Prof Róisín Owens is building sensors that integrate the power of biology, chemistry, physics and electronics.
Biology, chemistry and physics may be different subjects in school, but for many researchers, combining them makes sense. And for Prof Róisín Owens, the combination is helping her to build ‘biology-friendly’ bioelectronic sensors to measure activities in living cells and tissues.
The Dublin native, based in the Center for Microelectronics at the Ecole des Mines de Saint-Etienne in France, has just been awarded a €150,000 ‘Proof of Concept’ (PoC) grant by the EU’s European Research Council to further her work on how organic electrochemical transistors, or OECTs, can be used to sense changes in biological systems.
Organic electronics are now well known, with applications such as OLEDs (organic light-emitting diodes) and organic photovoltaics, explains Owens. “In about 2000, people said let’s take this technology and couple it with biology, and a whole new field called organic bioelectronics was born.”
Owens’ husband, George Malliaras is a renowned researcher in the field of bioelectronics, and Owens, a biochemist by training, developed an interest in using the technology to push biosensing and biomedical devices.
“When I saw some of the materials they were using and some of the characteristics, the great performance they were getting out of their devices I said I want to use these new materials,” she says.
One of the major advantages that organic electronics offer for biosensing is that they are soft, so they tend to ‘fit’ well with biological samples, she explains. Another is that they conduct both electrons (important for the electronic component of sensing) and ions (important for the biological system being sensed).
In 2011, Owens was awarded a Starting ERC grant to couple an OECT-based sensing device with living cells and tissues of interest for testing for infection, or for testing compounds such as potential drugs or toxins.
Her group looked at whether they could sense signals from ‘barrier tissues’ in the gut.
“We started putting this kind of tissue on the device and we were able to measure it very sensitively – and even more, we found we could monitor any kind of tissue that will stick to a surface, we could look at that really sensitively,” she says. “And the icing on the cake is that these materials are optically transparent, so we can look through them, we can label (where molecules are) in the cells and get the electronic readout, too.”
The ERC Proof of Concept grant will now allow her group to explore the potential for translating their findings into a widely applicable device on the market.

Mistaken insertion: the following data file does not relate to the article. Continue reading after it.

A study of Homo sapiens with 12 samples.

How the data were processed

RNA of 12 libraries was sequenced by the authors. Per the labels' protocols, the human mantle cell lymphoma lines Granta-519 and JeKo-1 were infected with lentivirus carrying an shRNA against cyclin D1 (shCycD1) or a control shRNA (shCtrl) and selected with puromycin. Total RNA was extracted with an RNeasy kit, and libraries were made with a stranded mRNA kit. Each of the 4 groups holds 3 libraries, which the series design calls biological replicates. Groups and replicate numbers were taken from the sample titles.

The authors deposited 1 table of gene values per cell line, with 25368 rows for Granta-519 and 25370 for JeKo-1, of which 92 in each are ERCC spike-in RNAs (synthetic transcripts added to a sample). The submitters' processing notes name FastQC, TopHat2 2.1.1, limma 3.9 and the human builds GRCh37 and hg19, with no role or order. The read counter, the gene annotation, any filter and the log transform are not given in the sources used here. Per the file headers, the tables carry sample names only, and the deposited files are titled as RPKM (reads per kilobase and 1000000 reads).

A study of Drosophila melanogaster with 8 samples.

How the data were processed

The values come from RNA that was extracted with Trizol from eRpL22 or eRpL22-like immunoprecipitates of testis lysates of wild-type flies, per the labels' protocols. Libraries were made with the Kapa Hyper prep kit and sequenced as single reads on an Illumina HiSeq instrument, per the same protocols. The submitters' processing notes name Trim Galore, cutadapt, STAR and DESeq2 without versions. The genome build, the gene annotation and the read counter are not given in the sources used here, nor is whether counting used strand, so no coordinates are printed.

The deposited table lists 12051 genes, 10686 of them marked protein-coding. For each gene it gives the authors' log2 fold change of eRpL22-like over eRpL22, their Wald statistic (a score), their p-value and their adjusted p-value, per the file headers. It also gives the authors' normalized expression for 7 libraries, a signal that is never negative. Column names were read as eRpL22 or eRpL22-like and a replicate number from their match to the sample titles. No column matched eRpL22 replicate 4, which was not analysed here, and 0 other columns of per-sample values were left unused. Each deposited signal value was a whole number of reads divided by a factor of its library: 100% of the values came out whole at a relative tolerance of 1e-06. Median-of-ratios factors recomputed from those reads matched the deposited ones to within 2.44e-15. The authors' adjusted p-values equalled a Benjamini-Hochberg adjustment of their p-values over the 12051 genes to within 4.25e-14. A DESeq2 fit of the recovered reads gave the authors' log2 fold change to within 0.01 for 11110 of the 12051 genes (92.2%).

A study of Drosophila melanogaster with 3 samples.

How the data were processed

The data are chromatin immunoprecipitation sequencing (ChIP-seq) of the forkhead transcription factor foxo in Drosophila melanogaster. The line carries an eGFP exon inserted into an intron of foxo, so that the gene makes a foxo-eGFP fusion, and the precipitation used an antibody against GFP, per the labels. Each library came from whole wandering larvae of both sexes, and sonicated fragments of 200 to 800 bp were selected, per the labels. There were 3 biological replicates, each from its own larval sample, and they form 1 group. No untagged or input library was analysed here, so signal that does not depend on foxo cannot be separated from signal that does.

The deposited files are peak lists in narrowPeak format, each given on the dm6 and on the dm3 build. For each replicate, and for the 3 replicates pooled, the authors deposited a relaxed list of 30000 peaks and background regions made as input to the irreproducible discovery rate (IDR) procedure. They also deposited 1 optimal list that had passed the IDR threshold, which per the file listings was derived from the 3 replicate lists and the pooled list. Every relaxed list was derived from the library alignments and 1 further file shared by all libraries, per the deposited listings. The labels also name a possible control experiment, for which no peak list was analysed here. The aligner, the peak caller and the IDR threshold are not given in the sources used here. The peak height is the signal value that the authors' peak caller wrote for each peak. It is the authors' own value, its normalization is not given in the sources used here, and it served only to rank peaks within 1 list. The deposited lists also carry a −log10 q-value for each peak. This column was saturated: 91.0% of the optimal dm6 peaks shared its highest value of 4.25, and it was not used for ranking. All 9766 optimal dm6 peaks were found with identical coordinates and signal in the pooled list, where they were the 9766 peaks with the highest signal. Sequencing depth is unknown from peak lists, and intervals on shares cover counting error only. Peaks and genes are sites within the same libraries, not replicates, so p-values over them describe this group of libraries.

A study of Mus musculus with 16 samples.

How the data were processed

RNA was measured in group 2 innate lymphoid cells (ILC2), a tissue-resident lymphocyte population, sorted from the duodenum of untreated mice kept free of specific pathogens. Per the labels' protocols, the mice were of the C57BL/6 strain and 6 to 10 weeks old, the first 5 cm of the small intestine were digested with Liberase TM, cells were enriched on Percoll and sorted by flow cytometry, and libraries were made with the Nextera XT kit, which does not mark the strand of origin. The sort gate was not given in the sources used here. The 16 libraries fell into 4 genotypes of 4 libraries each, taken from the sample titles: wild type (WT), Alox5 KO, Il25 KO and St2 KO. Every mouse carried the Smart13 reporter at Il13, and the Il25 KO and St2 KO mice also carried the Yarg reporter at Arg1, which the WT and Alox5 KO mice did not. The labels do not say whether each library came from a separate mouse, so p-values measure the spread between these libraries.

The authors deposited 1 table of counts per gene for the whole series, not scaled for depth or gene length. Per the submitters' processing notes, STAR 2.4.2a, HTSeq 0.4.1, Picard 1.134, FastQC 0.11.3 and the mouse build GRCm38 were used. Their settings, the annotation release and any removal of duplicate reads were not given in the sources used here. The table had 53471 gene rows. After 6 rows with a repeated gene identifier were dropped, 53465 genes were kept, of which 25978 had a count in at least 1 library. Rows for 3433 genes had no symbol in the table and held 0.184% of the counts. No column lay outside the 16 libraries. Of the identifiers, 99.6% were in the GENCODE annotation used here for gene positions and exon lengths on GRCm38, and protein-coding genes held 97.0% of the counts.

“We want to (see) can we take a tech from the lab and bring it into the commercial domain,” she says. “We think it looks cool and people are interested in it, but now we really need that business and marketing analysis. We will build a nice prototype to be able to show people but most of the grant is looking at the potential for patenting the potential for marketing, what kind of a niche can we fill.”
Owens reckons that the approach could help in the drive to reduce levels of testing potential therapies and toxins in animals, and she points to the benefits of being able to use ethically-sourced cultured human cells, which may be more relevant for testing for human populations. The system also holds potential benefits for environmental and infection monitoring, she adds, and they are testing it to screen for fungal contamination in wine.
Moulding around biology
Owens, from Glasnevin, initially studied biochemistry at Trinity College Dublin, and spent one of those summers on an Erasmus-funded programme in France. “I think that’s probably one of the reasons I work in France now,” she says. “I really liked it.”
But she made a few other stops first: a PhD in the University of Southampton looking at the food poisoning bug E. coli 0157 was followed by research in the United States on tuberculosis.
While at Cornell University, Owens started to become more interested in the technology of biomedical devices.
“I found myself increasingly asking how would we improve these devices, get better output,” she says. “I worked in a start-up for awhile and that exposed me to a more industrial way of looking at technology – can you take something from the lab and bring it to a commercial application.”
She and Malliaras moved to France in 2009, setting up the a new department of bioelectronics at the Provence campus of Center for Microelectronics at the Ecole des Mines de Saint-Etienne.
Today her work bridges the disciplines of biology, chemistry, physics and engineering, and she stresses the importance of understanding how the technology needs to mould around the needs of the biology being researched.
“Biology is very complex, you have to do (measurements) lots of times so you have statistics,” she says. “And the physicists and the biologists need to be friends, to listen to each other and then they can do wonders.”